All five species of Astrapia have long, showy tails. Each type of tail feather, no matter how showy, has all the parts of a basic feather: a central shaft (rachis) and a flat vane made up of hundreds of interlocking barbs and barbules. The barbs branch off the rachis, and the barbules branch off the barbs. Ed Scholes explains details in this video.
The Standardwing Bird-of-Paradise is named for the unusually long feathers that trail from its wing like a flag. (“Standard” is an old word for flag.)
The filmy display plumes of the Greater Bird-of-Paradise are modified feathers. The barbs are spaced farther apart and the barbules are small. They don’t lock together to form a normal feather surface.
These bright yellow feathers aren’t the bird’s tail or wings, they are long flank feathers. And the curious black wires aren’t separate feathers—they are barbless extensions of twelve of those yellow flank feathers.
Much as long tails are a theme in the Astrapia species, the Cicinnurus genus features wiry, curlicue tails. Presumably, as populations of the common ancestor became isolated from one another, female preferences diverged to produce slight variations on the theme.
Here’s a closer look at one of those curling tails. The central rachis is very long, while the barbs are very short and give the blue sheen (a structural color) to the tail.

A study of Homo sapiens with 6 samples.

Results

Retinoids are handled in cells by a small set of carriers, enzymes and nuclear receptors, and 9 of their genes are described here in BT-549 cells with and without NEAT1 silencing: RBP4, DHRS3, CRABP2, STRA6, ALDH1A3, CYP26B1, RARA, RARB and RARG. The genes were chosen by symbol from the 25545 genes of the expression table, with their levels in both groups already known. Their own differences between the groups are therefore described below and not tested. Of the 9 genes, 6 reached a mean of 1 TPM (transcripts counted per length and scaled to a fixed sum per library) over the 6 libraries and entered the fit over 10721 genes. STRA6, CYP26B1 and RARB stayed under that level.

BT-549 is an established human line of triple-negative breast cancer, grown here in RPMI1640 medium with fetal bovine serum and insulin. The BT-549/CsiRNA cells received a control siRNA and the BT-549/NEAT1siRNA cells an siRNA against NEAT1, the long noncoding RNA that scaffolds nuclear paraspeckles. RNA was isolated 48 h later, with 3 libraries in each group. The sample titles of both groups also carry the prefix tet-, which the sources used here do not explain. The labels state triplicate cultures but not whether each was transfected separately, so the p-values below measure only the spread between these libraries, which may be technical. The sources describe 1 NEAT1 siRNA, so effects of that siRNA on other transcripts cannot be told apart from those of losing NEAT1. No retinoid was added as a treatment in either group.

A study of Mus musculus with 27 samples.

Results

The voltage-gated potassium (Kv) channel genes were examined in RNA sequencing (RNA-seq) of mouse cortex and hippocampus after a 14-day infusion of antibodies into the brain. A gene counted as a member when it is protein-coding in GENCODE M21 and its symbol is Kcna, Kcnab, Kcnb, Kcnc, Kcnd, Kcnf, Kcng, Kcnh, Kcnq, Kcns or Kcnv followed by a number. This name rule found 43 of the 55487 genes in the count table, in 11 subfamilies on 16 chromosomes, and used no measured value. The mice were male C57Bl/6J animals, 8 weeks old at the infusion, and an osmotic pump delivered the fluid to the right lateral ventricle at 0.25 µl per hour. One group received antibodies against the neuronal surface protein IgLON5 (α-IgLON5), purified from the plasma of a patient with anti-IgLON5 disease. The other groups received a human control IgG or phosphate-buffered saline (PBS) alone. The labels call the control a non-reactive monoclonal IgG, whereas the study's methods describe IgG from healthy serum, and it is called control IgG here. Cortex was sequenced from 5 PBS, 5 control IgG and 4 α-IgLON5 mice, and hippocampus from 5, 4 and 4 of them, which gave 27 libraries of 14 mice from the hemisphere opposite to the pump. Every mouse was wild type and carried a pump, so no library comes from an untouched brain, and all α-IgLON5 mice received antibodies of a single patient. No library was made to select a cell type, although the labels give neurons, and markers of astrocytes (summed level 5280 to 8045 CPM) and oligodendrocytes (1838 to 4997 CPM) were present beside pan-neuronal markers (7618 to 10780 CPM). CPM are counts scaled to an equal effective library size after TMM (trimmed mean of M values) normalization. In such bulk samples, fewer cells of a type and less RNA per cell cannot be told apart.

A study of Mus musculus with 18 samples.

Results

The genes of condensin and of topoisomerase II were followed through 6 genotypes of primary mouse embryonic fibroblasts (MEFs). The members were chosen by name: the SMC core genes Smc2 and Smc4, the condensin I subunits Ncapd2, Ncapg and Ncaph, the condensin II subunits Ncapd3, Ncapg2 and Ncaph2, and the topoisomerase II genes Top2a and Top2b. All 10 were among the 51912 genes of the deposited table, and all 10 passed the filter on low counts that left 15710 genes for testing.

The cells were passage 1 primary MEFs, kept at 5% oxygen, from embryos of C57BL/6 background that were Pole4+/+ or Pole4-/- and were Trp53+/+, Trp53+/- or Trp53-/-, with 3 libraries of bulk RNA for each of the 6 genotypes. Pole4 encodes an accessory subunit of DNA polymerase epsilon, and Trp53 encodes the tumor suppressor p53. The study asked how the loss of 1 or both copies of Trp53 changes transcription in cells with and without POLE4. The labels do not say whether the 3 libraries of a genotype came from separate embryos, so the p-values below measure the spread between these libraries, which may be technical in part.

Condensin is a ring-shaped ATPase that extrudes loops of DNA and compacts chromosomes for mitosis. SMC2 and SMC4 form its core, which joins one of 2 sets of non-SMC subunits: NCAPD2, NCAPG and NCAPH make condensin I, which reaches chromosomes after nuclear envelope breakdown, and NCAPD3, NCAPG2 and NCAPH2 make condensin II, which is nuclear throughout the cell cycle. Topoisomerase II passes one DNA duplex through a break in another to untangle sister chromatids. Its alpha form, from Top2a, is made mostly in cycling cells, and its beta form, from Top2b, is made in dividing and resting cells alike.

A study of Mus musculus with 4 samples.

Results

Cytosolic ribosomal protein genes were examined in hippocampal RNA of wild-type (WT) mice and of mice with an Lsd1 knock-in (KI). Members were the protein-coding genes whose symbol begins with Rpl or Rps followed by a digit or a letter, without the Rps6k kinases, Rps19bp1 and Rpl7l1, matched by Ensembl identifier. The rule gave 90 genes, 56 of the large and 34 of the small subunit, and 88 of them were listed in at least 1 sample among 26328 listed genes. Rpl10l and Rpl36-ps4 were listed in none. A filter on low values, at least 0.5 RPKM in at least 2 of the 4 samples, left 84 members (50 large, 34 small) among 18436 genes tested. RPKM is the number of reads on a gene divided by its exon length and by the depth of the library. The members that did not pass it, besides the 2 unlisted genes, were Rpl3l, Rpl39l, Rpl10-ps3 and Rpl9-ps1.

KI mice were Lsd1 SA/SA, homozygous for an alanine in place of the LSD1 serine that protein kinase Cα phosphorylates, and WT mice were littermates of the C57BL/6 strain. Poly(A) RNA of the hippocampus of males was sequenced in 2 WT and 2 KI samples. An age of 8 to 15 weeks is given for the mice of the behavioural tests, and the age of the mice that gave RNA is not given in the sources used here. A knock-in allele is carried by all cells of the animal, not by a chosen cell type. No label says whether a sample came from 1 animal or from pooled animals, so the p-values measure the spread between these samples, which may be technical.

This extraordinary curved tail has a completely bare rachis all the way to the disc-shaped, emerald tip. These medallions are made as the rachis coils into a tight spiral. Barbs and barbules grow from only one side of the rachis and fit together tightly to form the disc.
The curved tail of Wilson’s Bird-of-Paradise shimmers with a metallic effect caused by iridescent structural colors in the flat, narrow feather vane.
The one-of-a-kind head plumes of the King-of-Saxony are unlike any other feathers in the world. The barbs and barbules along one side of the rachis have fused into bluish-white tabs that look and feel like plastic. Ed Scholes explains details in this video.
The Red Bird-of-Paradise combines filmy display plumes like those of the Greater Bird-of-Paradise with two long, bare, plasticlike feather wires from the tail that outline and accentuate the bird’s shape during display.
Zoom in for a closer look at the equipment birds-of-paradise use to create their dramatic displays: their feathers. All those glamorous plumes and wires are modifications of the basic parts of a bird feather: the shaft, vane, barbs, and barbules. Can you see how they're related?